In this sentence, what does "a characteristic" refer to?

1."The basic trend of art... naturalistic"

2. "The basic trend of art"

3."naturalistic"

I think the right answer is 3, but I'm not sure whether it's possible an adjective like "naturalistic" can be appositively refered to by a noun phrase like "a characteristic".

Could you make some examples as well if you can?


"A characteristic" is intended to refer to "naturalistic".

Appositives are noun phrases that define or re-name other noun phrases. But "naturalistic" is an adjective and hence it cannot be modified by an appositive NP.

Comments  

It's 3, but that is sloppy writing, as you sensed. The grammar of it makes you read it as 2 because you think it can't be the adjective. The problem lies not in the apposition but in the absent referent: "The basic trend of art has been toward naturalism, a characteristic already evident as early as the Three Kindoms period." The trend is not naturalistic, the art is. A sentence should yield its meaning unambiguously upon close examination.


What apposition?

 BillJ's reply was promoted to an answer.
BillJ

The basic trend of art has been naturalistic, a characteristic already evident as early as the Three Kindoms period.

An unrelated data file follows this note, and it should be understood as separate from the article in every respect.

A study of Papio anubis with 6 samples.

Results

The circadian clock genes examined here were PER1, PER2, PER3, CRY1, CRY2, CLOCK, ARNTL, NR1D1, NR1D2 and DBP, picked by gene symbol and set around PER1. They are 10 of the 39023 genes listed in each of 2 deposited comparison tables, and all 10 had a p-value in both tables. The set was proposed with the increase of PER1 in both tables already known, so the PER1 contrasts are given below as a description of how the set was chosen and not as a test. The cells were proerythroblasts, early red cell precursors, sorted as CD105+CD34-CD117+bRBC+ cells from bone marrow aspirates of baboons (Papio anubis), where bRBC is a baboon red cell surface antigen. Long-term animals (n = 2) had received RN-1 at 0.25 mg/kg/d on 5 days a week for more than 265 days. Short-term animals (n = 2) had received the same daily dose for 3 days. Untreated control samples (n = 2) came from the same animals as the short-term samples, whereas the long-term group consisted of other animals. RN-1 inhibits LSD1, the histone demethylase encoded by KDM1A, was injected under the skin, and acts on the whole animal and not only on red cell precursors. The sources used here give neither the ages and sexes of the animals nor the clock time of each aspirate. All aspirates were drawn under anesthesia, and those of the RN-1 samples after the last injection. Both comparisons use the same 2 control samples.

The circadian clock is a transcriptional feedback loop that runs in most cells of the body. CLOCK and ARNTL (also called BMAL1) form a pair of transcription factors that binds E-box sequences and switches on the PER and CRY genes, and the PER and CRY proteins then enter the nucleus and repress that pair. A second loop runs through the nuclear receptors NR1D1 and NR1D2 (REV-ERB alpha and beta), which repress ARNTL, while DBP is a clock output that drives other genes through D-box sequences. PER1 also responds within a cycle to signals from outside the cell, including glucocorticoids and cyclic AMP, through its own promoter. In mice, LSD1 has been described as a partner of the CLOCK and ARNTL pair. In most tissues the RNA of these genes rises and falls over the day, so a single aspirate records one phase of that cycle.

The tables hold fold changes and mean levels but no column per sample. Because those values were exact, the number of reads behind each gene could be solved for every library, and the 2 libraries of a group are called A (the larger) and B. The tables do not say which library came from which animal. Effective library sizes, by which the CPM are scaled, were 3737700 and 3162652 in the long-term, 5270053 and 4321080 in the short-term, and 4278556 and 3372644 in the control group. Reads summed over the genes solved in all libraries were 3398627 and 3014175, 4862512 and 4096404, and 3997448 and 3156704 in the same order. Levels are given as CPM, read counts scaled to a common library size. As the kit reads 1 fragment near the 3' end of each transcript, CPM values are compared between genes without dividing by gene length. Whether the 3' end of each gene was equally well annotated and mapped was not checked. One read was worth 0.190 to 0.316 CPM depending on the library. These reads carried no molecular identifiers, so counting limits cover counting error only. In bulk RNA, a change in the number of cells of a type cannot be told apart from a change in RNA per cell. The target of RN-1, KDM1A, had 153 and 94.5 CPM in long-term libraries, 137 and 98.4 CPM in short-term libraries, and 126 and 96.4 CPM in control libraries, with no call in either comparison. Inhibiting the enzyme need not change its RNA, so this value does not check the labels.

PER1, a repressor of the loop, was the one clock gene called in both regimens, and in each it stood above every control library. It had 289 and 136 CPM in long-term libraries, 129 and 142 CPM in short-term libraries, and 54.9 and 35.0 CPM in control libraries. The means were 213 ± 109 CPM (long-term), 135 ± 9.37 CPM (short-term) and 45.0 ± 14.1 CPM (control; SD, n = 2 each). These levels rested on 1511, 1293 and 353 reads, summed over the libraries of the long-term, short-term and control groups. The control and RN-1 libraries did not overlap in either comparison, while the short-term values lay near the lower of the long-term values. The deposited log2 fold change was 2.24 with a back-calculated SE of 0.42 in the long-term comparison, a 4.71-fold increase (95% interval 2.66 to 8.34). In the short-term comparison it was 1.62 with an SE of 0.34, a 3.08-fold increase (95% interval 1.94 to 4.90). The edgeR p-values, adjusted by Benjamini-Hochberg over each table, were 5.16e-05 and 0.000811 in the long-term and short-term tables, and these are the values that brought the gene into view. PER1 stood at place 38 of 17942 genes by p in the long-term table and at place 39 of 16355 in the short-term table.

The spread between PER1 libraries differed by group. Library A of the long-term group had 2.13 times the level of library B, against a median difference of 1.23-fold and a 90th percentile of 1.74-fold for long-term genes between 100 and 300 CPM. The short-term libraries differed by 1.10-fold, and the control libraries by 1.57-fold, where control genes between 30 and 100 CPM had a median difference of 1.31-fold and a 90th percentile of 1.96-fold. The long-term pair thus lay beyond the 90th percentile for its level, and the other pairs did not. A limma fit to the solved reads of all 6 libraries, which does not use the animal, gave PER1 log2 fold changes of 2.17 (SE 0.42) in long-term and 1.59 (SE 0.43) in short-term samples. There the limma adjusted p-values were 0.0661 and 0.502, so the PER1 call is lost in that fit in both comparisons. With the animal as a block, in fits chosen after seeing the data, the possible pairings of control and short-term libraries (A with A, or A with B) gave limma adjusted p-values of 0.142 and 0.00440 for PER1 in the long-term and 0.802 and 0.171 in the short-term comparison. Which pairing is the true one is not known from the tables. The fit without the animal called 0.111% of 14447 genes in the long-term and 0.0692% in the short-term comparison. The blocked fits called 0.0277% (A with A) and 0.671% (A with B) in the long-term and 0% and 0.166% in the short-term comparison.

"A characteristic" refers to "naturalistic".

Appositives are noun phrases that define or re-name other noun phrases. But "naturalistic" is an adjective and hence it cannot be modified by an appositive NP.

So to sum up, you mean the sentence is grammatically wrong and "naturalistic" has to be the noun form, "naturalism"?


And as for the first comment written by anonymous, do you think the comment below is wrong and this part ""Naturalistic/Realistic/Impressionistic/Abstract/Surrealistic is the trend in art these days." is also wrong?

(3 is right. "Naturalistic" here is not an adjective. It's a noun, as in: "Naturalistic/Realistic/Impressionistic/Abstract/Surrealistic is the trend in art these days.")


The sentence is grammatically OK.

Anon is wrong. Characteristics are normally adjectives, compare "Ed is very aggressive, [a characteristic I find unpleasant].

Incidentally, the underlined element is a supplemental NP. Supplements are not modifiers, but loosely attached expressions providing additional non-integrated content.

BillJ
anonymous The problem lies not in the apposition but in the absent referent:

What apposition?

Huh? A characteristic is a noun. What characteristics did Marilyn possess? Beauty, talent, perseverance, etc. Not beautiful, etc.

"Naturalistic is an adjective: "The trend has been naturalistic".

Appositive NPs modify (or are supplements to) NPs, not AdjPs.

Even if "naturalistic" were replaced with a noun, the expression "a characteristic already evident as early as the Three Kindoms period" would still not be an appositive.

The OP's example comes from an impeccable source, the Encylopaedia Britannica, but I think it is only marginally acceptable.